By Robert Berry, MCS#47
Birds in chimneys have, and will always be part of a chimney sweep’s experience. For a midwestern chimney sweep, bird issues start in early spring. Every year, it seems bird removal from chimneys becomes a hot ticket item overnight! The phones ring off the hook throughout summer calling about birds in the chimney. The one thing most callers have in common is not having a chimney cap to prevent birds getting stuck in the chimney flue.
At Full Service Chimney, calls for Bird Removal in Kansas City Chimneys are an Annual Request. If you need assistance, call us at 913-642-6171 today.
All types of animals find their way into a chimney flue, but the most common bird in fireplaces is the Chimney Swift. These birds were nesting in the Americas long before European settlers had chimneys. Homeowners woke to the unique rhythmic bird calls of the Chimney Swift, often made by the young needing the mothers’ attention. While it can be unnerving having an animal in the home, both homeowners and chimney sweeps have a unique responsibility to the Chimney Swift.
Chimney Sweeps Protect Homes & Chimney Swifts Alike
Chimney Swifts have been called the Chimney Sweep Bird and coincidentally are the color of soot! Often only seen in flight, with a cigar-shaped body. Their flight is somewhat erratic due to their nimble acrobatic skills. Since they feed on flying insects, overall these birds in chimneys do more good than harm.
Long before Chimney Swifts had chimneys to nest in, they built their twig and saliva nest in cliffs, caves and hollow trees. When Chimneys started doting the landscape, it was natural for them to adapt and enjoy this temporary home during the time of year there were no fires in the fireplace. That’s how chimney sweep bird removal jobs began.
Chimney Sweeps Get to See What No One Else Does
A limitation to the Chimney Swifts mobility is that they never land on horizontal surfaces, rather they are quite at home clinging to the side of a cliff, tree, or inside the fireplace flue liner of your chimney!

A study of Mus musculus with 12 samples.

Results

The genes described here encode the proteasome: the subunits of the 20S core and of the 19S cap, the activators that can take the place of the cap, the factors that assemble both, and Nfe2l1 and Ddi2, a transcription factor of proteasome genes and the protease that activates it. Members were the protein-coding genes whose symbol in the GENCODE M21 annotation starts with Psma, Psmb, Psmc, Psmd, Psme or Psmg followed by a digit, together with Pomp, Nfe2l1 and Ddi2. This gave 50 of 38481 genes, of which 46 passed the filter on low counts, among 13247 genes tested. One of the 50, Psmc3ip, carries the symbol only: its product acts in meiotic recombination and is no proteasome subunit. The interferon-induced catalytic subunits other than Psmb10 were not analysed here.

Once the birds’ nest in a chimney is made, and eggs are laid, the chimney swift waits for the chicks to hatch. Like their human counterparts, baby swifts need to be fed hourly. So, off the parent goes catching mosquitoes, and returning back to the nest in the chimney to deposit the food into squawking beaks. Chimney sweeps routinely service chimneys without cap protection and always look to see if the Bird Hotel (aka chimney flue) has occupants.
If birds are nesting in your chimney and already raising a family, then the chimney sweep must wait until the guests leave and the nest is abandoned. Sweeps know that as migratory birds, the Chimney Swift is protected by Federal Law and they will leave naturally as soon as the weather begins to get cooler.
How to Get Birds Out of Chimney
If a nest and brood haven’t developed yet, chances are the parent Chimney Swift is still in search mode, looking for prime nesting real estate. If you discover birds lurking around but not yet nesting, simply rattle the damper a few times to encourage the bird to move on.
Once a birds nest in chimney is built, they will not easily choose to leave, and we shouldn’t try to force them out. After all, they’ll be gone in a few months time. Once the migrant birds head south for the winter, a chimney sweep can clean out any debris from the visitor and install a chimney cap with animal and spark protection. An injured swift will become a bird stuck in a chimney, unable to leave or live.
Do NOT try to smoke birds out of your chimney.
Smoke ‘Em Out
Can You Smoke Birds Out of Chimneys? Please don’t.
Cruelty concerns aside, animals develop loyalty to home. Just like people, they won’t leave early. We’ve heard reports of attempts to smoke Chimney Swifts out of chimneys resulting in killing the birds in the chimney. Which can damage the chimney liner when debris inside the flue catches fire.
Worse, if a flue catches fire, it could spread to the home and burn the whole house down.
So, before you decide to smoke ‘em out…. Think twice about the birds and the safety of your family.
When a chimney swift moves from the chimney into the firebox, it’s no longer a flue-bird. Now you’ve got a bird in fireplace problem and should consult a wildlife removal professional for safe, legal and effective removal of the bird from your fireplace.